Since the announcement of the iMac Pro, folks might be thinking Hackintoshes have seen their day in the sun, but not so! Even in 2018, there are still good reasons to build a Hackintosh.
If you’re not familiar, a so-called Hackintosh is a PC with macOS installed on top of it. Typically, this isn’t possible: Apple restricts their operating system to specific hardware, which only they supply. But with careful hardware purchasing and some clever software hacking, you can make macOS run on PC parts. It isn’t always an easy process, and even identical hardware configurations can have different outcomes. But for users that get it running, it’s an awesome way to get macOS on custom hardware.
If you have the patience for troubleshooting software bugs, building a Hackintosh is easier than it has ever been before. When you build a Hackintosh, you get a flexible, customizable, dual-booting gaming machine that costs vastly less than a high-end Mac – and might even run better to boot. Even with new Macs just around the corner, there are still great reasons to build a Hackintosh in 2018.
The Mac has never really been about hardware flexibility. You get what Apple sells, or you get nothing at all. Hackintosh builders are not locked into what Apple thinks they want. They have a vast selection of PC hardware to choose from. You can fulfill the requirements you have, not the requirements Apple thinks you should have. And if they release a new Mac with hardware you don’t like (or terrible thermal performance)? You can just make your own!
Sure, selecting the right parts is important for an easy Hackintosh build. But with some software smarts and tenacity, you can get just a ton of unusual hardware to work. If you want to keep things simple, look at Nvidia graphics cards, Gigabyte motherboards and Intel processors. Check out TonyMacx86’s well-loved list of recommended hardware for a recognized Hackintosh configuration and buying tips, updated monthly. In addition to hardware options, you can also easily dual- or triple-boot your system. Quickly transfer between operating systems at your convenience and desire, with custom everything.
Purchasing a Mac generally comes with a serious price tag. Of course, you’re not just buying hardware. You’re also buying the Apple software experience, the look of the product, the warranty and the support. But if you’re willing to forgo the latter, you can get a lot more bang for your buck when building a Hackintosh. Hackintosh builders regularly get performance that matches or exceeds the highest-end Apple hardware with significantly less financial investment and greater flexibility. Of course, they also pay with their blood, sweat, and tears, so you have to be willing to put that on the line as well.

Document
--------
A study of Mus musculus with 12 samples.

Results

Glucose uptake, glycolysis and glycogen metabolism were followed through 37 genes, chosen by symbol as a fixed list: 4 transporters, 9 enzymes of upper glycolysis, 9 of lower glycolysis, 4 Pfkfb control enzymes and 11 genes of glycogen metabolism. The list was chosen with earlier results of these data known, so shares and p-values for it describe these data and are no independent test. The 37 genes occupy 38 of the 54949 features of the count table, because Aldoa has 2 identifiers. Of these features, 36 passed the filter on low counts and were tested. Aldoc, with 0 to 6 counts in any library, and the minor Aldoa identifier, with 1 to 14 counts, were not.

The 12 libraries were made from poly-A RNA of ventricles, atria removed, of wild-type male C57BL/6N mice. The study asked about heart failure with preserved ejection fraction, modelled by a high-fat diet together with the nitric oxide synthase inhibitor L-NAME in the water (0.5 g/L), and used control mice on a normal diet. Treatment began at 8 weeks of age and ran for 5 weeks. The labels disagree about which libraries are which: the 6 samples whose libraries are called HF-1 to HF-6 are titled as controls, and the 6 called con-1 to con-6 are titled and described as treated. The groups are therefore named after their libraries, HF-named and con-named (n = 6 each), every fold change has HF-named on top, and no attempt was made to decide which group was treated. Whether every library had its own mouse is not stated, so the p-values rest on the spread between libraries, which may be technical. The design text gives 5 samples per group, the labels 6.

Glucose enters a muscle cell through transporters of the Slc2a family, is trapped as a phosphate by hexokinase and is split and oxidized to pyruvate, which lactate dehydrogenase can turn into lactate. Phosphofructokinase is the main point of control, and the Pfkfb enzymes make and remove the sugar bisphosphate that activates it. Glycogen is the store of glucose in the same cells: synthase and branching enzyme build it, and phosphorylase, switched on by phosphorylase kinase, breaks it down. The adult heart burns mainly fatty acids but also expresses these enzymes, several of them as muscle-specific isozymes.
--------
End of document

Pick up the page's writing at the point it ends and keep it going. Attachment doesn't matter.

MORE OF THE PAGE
Thanks to the greater flexibility of the PC ecosystem, Hackintoshes offer many opportunities for customization. From elaborate water-cooling systems to custom-machined cases, the sky is the limit. This is pretty much the exact opposite of the Mac aesthetic, but extreme PC customization has plenty of fans (with and without LEDs).
Because Hackintoshes are built using PC hardware, you can build a Hackintosh that provides excellent gaming performance. Dual-boot your system with Windows, and you’ll find you can build a powerful gaming machine with almost no compromises. While you do need to be a little careful with your hardware selection to make sure it’s compatible with macOS, there are plenty of plug-and-play options that will work for Hackintoshes.
If you like working with computers, building a Hackintosh can also be a lot of fun! For the curious, the technical minded, the adventurous or the brave, it’s a unique experience. I know, tracking down and squashing obscure software bugs hardly sounds thrilling. But so long as your Hackintosh isn’t your main machine, you can find quite a bit of satisfaction in getting everything to work properly.
A word of advice: if you’re building your first Hackintosh, don’t do it on your only computer. That’s a short road to grey hair.
Of course, building a Hackintosh isn’t as simple as buying a Mac. It’s not even as easy as building a PC. Getting to the first boot can either be a cakewalk or a nightmare, even with an “approved” configuration. Getting certain core functionality like the App Store and Messages to work properly can sometimes be impossible. Things break for no reason, updating is a chore, and since you’re on an unsupported configuration, you might find yourself locked out of OS features with no recourse. But for Hackintosh builders who might save thousands on a custom build they couldn’t get otherwise, the rewards are worth the trouble.